Thomas Jefferson University is negotiating a deal to acquire Temple’s Fox Chase Cancer Center, which has been struggling financially.
Leaders from Temple University Health System and Jefferson Health will negotiate for Fox Chase and consider the deal in a 90-day window that will end on April 10. The acquisition intends to better serve the needs of Fox Chase, its patients, the surrounding community and both universities’ goals, according to a Jan. 10 Jefferson Health press release.
If Fox Chase is sold, Jefferson Health and Temple Health will enter a long-term agreement for the systems’ academic and cancer treatment methods, which would expand health system access for North Philadelphia residents, representatives from both institutions wrote in the release.
Temple Health hopes a potential merger will help address the cancer center’s current problems with investment in technology maintenance and improvement, patient treatment, Medicare and Medicaid funding, reshaping the healthcare system and managing future operating deficits, wrote Temple University President Richard Englert and Dr. Larry Kaiser, president and CEO of Temple Health in a joint letter to the Temple community in August 2018.
“The move opens the door to bring together significant complementary expertise in cancer treatment and breakthrough research to improve patient outcomes across the greater Philadelphia region and beyond,” Englert and Kaiser wrote.
Maureen Rabbitt, 23, who used to live in the Fox Chase neighborhood, said as long as quality care continues, it doesn’t matter which health system owns the cancer center.
“I don’t think it’s going to have too much of an effect,” said Rabbitt, a first-year speech, language and hearing science master’s student. “[Fox Chase] has changed hands for the 23 years I’ve been there. As long as they keep doing their best to serve their patients and no patients get lost in the shuffle…transferring from Temple to Jefferson.”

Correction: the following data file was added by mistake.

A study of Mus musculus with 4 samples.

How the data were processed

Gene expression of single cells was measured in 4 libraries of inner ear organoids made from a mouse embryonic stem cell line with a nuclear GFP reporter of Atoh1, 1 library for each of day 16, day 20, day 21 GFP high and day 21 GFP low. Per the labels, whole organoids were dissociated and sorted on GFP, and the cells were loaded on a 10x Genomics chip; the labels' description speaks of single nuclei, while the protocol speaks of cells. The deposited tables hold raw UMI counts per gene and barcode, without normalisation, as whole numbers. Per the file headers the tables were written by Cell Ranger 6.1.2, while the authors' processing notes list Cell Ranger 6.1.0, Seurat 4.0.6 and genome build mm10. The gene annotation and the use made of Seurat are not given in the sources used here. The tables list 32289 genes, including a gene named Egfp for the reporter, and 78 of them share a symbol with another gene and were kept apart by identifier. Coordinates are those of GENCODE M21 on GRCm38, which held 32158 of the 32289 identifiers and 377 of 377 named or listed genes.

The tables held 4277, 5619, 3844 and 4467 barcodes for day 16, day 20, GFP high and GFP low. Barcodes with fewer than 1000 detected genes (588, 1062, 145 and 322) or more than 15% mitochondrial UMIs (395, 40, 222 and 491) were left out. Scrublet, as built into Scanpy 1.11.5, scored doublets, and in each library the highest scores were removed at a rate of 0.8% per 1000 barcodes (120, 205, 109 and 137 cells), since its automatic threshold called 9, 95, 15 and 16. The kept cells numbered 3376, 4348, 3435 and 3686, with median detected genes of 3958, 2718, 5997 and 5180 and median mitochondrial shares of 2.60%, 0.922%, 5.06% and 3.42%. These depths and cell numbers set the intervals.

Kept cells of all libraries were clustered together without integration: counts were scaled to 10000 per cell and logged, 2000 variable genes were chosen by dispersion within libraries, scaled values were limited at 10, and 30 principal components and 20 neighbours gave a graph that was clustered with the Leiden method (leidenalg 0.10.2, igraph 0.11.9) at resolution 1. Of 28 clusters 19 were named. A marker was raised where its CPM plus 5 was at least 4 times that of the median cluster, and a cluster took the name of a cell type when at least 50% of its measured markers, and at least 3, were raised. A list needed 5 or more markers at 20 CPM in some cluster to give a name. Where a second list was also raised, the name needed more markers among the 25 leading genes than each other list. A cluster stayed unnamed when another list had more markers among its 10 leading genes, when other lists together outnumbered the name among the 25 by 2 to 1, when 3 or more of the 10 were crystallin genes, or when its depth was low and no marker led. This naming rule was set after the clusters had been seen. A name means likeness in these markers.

Jefferson Health has expanded rapidly, acquiring 11 new hospitals since 2013, KYW Newsradio reported.
“This negotiation period will allow us to better understand how partnering could improve lives for patients throughout Philadelphia and far beyond,” said Dr. Stephen Klasko, the president of Thomas Jefferson University, in the Jan. 10 press release. “This [acquisition] could save, and change, lives forever.”
Temple Health has to make capital investments to improve maintenance and technology and avoid deficits in the future, according to a 2017 independent analysis of the health system conducted by the international consulting firm Alvarez & Marsal.
The Board of Trustees hired the firm to help address Temple Health’s growing financial concerns. On Wednesday, Kaiser announced Temple Health is eliminating several high-up administrative positions within the Temple Health System.
The Board authorized Englert to appoint Stuart McLean as chief restructuring officer for Temple Health in June 2018, to provide solutions for the system’s financial difficulties. The CRO, with Board and Englert’s approval, will work with Temple Health management to restructure the health system’s operations.
The Board also authorized a financial adviser to coordinate the potential sale of Fox Chase and Temple’s Jeanes Hospital in June 2018. No final decision has been made regarding the sale of either facility.
“Temple and Jefferson share a home city, a mission and a commitment to caring for cancer patients throughout the region, and Jefferson is an outstanding potential partner,” Englert wrote. “We support the idea of two great Philadelphia institutions coming together to do what’s right for the patients we proudly serve.”